Yesterday, the Treasury Department released its latest data on the Home Affordable Modification Program (HAMP), which has come under significant fire due to the unwillingness or inability of mortgage servicers to get enough eligible borrowers into the program. The new report isn’t making things look any better.
According to Treasury, about 728,000 borrowers have been enrolled in the program, up from 650,000 last month. But of these, just 4 percent (31,382) have made their way from the three-month trial stage of the program to a permanent modification.
Earlier this week, Bank of America and JP Morgan Chase went to Capitol Hill, where they suggested that borrowers themselves were responsible for HAMP’s lack of progress, because they can’t seem to get their documents together and filed. BofA claimed that more than three-fourths of the borrowers eligible for a permanent modification have not gotten their documents in. “It is unclear why this has happened to such a high degree,” the bank said.
Even if we accept BofA’s numbers at face value — and as ProPublica’s Paul Kiel pointed out, “the data from servicers should be viewed with skepticism” — then how does BofA explain that just 98 borrowers have been given permanent modifications. That’s less than .1 percent of the homeowners who received trials. Even if only 15,000 borrowers have gotten their documents filed correctly, why have fewer than 100 received a permanent modification?
For comparison’s sake, JP Morgan Chase, with a portfolio half the size of BofA’s, has 4,302 borrowers with permanent modifications. Are JP Morgan’s clients simply better at getting their documents together?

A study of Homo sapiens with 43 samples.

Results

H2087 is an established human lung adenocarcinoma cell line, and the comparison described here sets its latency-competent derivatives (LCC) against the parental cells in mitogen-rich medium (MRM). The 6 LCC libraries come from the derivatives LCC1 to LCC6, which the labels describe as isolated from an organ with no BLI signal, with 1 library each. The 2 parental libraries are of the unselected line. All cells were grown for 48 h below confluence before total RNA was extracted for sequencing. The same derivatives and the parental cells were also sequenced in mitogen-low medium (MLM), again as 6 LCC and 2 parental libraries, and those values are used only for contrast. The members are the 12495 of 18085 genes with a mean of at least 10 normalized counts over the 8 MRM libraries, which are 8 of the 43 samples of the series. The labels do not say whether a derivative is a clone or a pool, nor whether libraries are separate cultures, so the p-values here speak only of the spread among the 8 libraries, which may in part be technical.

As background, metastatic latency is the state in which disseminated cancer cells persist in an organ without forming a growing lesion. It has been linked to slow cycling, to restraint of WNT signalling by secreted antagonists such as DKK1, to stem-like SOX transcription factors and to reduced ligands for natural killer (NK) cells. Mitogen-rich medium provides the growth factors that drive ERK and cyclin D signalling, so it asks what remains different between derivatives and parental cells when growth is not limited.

For all of Bank of America’s whining about irresponsible homeowners, it is clearly failing compared to some of the other servicers. BofA is likely dragging its feet because there is no consequence for failing to enroll borrowers in the program, and because it has been pushing its own, lousier, private modification program.
Treasury — both with its monthly reports and public scoldings — is hoping that the servicers will be shamed into getting their act together. But as Rep. Maxine Waters (D-CA) said, “I don’t buy the White House’s latest attempt to prod servicers into doing loan modifications…I don’t think the jawboning and the trying to embarrass these servicers into doing the right thing works.”
To that end, as part of its effort to pass financial regulatory reform legislation today, the House debated a provision that would allow judges to cram-down mortgage payments for borrowers who file for bankruptcy. Since negative equity (being “underwater”) on a mortgage is still the main cause of defaults and foreclosures — and because servicers would be loath to see judges unilaterally raking down mortgage payments — such a provision would likely prod banks into doing more for borrowers.
The House passed cram-down earlier this year, only to see it defeated in the Senate, and with the Senate not any more likely to pass it this time, House members might be hard pressed to vote for it. But the measure would absolutely push lagging banks to do more for borrowers, and as Treasury’s latest numbers show, the servicers could use that push.